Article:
Tuesday, October 2, 2018

In Search of the Real Frankenstein

From The Spectator:
It’s 1816, a volcanic eruption has shrouded the world in darkness, making this the ‘Year Without a Summer’. Lord Byron, the poet Percy Bysshe Shelley, and Shelley’s 18-year-old lover, one Mary Wollstonecraft Godwin, find themselves huddled for warmth in a shadowy villa in Switzerland. Their only entertainment? A competition to see who could think up the most bone-chilling, blood-curdling horror story. As the two famous poets and their female companion began dredging the darkest recesses of their minds, who would have thought that what emerged from the lips of the young Mary Godwin (soon to be Shelley) would become literature’s most iconic monster?

The legend of how Frankenstein came to be is almost as famous as the tale itself. But how much do we really know about what sparked off the freakish idea for the first science fiction novel in this teenage girl? Two hundred years exactly since its anonymous publication, we are beginning to learn the fact behind the fiction.

Flashback four years to 1814. Scribbled in the diary of the future Mary Shelley are the words: ‘Shelley and Clary out all the morning. Read French Revolution in the evening…Go to Garnerin’s. Lecture on Electricity; the gasses and the Phantasmagoria.’ It was at this lecture in London that one Somerset scientist, known as ‘the Thunder and Lightning Man’, laid out his theories on how to harness the power of storms to create electricity.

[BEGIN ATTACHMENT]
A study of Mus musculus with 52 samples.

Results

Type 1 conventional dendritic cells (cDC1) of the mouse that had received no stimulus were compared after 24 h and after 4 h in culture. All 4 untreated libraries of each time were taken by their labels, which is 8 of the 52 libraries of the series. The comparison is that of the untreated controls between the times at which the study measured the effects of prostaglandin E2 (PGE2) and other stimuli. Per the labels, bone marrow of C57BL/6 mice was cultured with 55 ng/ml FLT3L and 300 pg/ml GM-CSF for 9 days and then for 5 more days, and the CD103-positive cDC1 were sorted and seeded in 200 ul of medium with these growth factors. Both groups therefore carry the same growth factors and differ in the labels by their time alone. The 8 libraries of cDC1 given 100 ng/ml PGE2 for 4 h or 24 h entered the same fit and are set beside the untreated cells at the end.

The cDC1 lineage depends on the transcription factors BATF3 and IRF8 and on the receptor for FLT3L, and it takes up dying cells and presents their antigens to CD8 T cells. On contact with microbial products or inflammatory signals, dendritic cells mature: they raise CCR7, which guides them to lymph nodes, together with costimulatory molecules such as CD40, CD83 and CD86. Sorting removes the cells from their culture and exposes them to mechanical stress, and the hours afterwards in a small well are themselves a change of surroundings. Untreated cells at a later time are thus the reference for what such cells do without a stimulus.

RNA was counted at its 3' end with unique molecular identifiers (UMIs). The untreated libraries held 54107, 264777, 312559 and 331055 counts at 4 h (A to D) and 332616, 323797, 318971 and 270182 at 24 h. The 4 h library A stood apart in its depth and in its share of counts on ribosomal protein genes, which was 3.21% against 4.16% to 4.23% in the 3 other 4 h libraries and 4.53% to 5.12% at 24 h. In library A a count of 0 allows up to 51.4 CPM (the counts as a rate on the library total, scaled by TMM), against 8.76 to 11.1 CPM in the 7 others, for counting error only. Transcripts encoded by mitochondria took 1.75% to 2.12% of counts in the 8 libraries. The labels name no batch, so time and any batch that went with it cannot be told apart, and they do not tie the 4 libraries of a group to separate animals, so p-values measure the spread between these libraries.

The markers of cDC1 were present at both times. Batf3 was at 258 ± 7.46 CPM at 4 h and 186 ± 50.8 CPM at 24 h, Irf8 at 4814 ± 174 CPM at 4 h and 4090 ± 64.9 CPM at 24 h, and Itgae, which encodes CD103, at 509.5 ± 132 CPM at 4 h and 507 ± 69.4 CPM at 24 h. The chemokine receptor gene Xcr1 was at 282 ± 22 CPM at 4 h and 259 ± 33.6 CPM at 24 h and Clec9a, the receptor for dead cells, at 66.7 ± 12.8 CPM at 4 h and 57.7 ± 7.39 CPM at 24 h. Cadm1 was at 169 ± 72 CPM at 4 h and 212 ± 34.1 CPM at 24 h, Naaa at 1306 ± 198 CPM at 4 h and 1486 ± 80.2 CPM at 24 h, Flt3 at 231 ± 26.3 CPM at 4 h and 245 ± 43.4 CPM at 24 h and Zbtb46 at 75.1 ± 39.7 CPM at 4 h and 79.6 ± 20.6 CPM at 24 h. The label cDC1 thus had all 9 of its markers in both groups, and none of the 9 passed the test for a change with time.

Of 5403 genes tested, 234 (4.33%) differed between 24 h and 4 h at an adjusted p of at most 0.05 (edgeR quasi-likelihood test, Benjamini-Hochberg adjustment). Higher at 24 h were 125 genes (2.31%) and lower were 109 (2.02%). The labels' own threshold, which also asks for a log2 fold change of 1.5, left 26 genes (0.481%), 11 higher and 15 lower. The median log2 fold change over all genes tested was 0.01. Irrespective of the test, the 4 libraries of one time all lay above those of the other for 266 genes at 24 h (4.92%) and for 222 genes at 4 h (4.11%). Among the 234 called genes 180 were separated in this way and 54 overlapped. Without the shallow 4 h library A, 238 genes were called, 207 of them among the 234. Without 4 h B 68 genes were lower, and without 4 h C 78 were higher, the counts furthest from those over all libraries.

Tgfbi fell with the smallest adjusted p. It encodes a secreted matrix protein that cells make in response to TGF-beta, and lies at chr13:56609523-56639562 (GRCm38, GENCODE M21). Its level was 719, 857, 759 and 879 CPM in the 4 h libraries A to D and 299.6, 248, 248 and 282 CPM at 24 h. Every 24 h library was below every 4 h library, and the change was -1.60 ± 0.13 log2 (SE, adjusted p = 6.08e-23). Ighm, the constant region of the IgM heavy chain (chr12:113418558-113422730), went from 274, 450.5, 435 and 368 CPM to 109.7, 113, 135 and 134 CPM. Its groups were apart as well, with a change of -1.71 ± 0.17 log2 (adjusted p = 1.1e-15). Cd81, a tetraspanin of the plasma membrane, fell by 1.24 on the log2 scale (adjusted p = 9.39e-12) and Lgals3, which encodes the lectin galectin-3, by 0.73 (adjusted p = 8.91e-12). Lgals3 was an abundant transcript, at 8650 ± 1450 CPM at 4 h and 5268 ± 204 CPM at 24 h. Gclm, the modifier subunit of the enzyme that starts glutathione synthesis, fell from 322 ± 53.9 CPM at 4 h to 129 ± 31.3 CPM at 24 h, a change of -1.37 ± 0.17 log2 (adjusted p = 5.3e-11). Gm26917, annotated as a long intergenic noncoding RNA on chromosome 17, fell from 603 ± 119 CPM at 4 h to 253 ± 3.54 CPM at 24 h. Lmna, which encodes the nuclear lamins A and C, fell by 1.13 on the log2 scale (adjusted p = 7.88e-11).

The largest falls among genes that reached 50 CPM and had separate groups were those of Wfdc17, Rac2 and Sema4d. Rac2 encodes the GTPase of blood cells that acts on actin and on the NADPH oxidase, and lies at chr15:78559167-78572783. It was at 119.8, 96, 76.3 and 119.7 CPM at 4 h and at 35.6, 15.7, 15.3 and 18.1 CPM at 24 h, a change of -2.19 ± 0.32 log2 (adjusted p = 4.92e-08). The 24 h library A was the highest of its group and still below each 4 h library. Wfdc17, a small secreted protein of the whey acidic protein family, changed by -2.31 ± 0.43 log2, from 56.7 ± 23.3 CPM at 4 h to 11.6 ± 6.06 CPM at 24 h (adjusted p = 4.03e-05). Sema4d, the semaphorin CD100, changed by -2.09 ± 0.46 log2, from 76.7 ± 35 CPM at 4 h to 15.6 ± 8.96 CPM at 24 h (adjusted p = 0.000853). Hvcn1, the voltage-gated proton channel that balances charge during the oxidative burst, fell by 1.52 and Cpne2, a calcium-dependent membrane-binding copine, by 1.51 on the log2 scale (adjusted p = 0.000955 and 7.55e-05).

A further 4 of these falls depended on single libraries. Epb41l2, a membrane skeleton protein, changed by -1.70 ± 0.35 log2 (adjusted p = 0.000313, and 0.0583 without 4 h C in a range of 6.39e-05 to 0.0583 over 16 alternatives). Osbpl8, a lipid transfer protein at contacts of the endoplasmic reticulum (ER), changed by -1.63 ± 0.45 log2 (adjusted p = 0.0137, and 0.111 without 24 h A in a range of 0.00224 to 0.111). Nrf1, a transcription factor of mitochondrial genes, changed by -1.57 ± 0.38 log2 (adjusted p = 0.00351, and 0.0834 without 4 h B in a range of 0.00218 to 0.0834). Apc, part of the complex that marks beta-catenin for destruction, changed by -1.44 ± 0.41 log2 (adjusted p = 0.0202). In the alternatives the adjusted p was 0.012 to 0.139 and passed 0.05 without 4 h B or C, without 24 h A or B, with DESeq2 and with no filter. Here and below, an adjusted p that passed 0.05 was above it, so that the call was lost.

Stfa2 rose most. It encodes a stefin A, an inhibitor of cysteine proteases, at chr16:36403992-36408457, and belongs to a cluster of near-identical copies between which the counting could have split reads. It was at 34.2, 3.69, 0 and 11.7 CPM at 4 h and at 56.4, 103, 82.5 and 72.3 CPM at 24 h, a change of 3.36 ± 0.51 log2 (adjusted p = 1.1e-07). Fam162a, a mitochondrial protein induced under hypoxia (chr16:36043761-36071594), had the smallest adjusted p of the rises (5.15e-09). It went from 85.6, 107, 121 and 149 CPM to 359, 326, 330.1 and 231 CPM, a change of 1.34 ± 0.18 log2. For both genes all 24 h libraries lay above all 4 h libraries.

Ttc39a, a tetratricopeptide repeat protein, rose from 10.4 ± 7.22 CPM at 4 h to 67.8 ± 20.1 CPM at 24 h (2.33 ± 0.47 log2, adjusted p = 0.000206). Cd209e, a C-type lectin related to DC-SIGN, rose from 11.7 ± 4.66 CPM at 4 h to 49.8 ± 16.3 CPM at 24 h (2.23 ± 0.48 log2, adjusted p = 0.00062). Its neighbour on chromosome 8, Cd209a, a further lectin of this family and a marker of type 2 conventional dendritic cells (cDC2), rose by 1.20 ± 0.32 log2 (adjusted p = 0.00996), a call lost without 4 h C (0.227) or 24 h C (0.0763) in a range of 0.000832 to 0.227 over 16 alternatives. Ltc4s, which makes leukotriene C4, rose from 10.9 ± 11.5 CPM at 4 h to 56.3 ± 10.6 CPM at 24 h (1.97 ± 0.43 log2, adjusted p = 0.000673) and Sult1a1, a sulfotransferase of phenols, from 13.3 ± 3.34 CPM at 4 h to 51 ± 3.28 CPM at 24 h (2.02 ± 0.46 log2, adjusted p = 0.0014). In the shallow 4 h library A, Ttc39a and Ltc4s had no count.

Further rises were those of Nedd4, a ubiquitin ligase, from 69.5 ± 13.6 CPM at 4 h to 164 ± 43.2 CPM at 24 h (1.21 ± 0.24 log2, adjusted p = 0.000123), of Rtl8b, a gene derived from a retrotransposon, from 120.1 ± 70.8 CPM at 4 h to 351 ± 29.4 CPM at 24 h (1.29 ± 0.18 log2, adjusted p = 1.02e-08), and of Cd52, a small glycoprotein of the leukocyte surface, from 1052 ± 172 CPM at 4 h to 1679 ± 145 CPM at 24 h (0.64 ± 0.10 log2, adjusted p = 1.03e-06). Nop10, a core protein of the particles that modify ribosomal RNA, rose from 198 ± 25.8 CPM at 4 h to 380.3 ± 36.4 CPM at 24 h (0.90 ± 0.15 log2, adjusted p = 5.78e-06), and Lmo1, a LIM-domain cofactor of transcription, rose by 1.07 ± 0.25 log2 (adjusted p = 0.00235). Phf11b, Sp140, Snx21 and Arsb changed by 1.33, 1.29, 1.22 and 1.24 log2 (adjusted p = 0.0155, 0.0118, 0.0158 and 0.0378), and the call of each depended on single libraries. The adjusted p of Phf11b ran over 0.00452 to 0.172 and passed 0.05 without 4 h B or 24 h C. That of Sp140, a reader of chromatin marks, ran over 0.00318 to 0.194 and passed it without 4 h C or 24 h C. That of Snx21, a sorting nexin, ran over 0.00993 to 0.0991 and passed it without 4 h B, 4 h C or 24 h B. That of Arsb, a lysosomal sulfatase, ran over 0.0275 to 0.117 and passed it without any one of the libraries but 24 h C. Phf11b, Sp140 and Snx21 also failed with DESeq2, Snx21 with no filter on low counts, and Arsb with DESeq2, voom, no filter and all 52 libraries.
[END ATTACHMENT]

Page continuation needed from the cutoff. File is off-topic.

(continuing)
Amid the wild Quantock Hills the crashes and explosions emanating from an isolated manor house sparked off rumours of devils dancing on electricity wires and hell itself unleashed. In fact, the manor’s owner, Andrew Crosse, was channeling lightning strikes by capturing the electrical discharge inside jars in his ‘philosophy room’, to use for medical purposes. The sounds let off by the electricity discharging created blasts that were often mistaken for the sounds of man-made storms.

Crosse’s own letters report his amazement at the deafening noises and five-hour long ‘stream of fire’ let out by his electrical experiments which ‘must be witnessed to be conceived’. Could it be that the man-made thunder claps of the ‘Wizard of the Quantocks’, as locals nicknamed Crosse, inspired Mary Shelley’s eccentric scientist, Victor Frankenstein, who in another ‘stream of fire’ from ‘a most violent and terrible thunderstorm’ begins his search for the secret to creating human life? Not only her main character, but Mary Shelley and her poet husband too were obsessed with the power of electricity. Growing up Percy Shelley would ‘practise electricity’ on his family, administering them small shocks at the dinner table. While studying at Oxford University he even threatened to electrocute the son of his cleaner. (Read more.)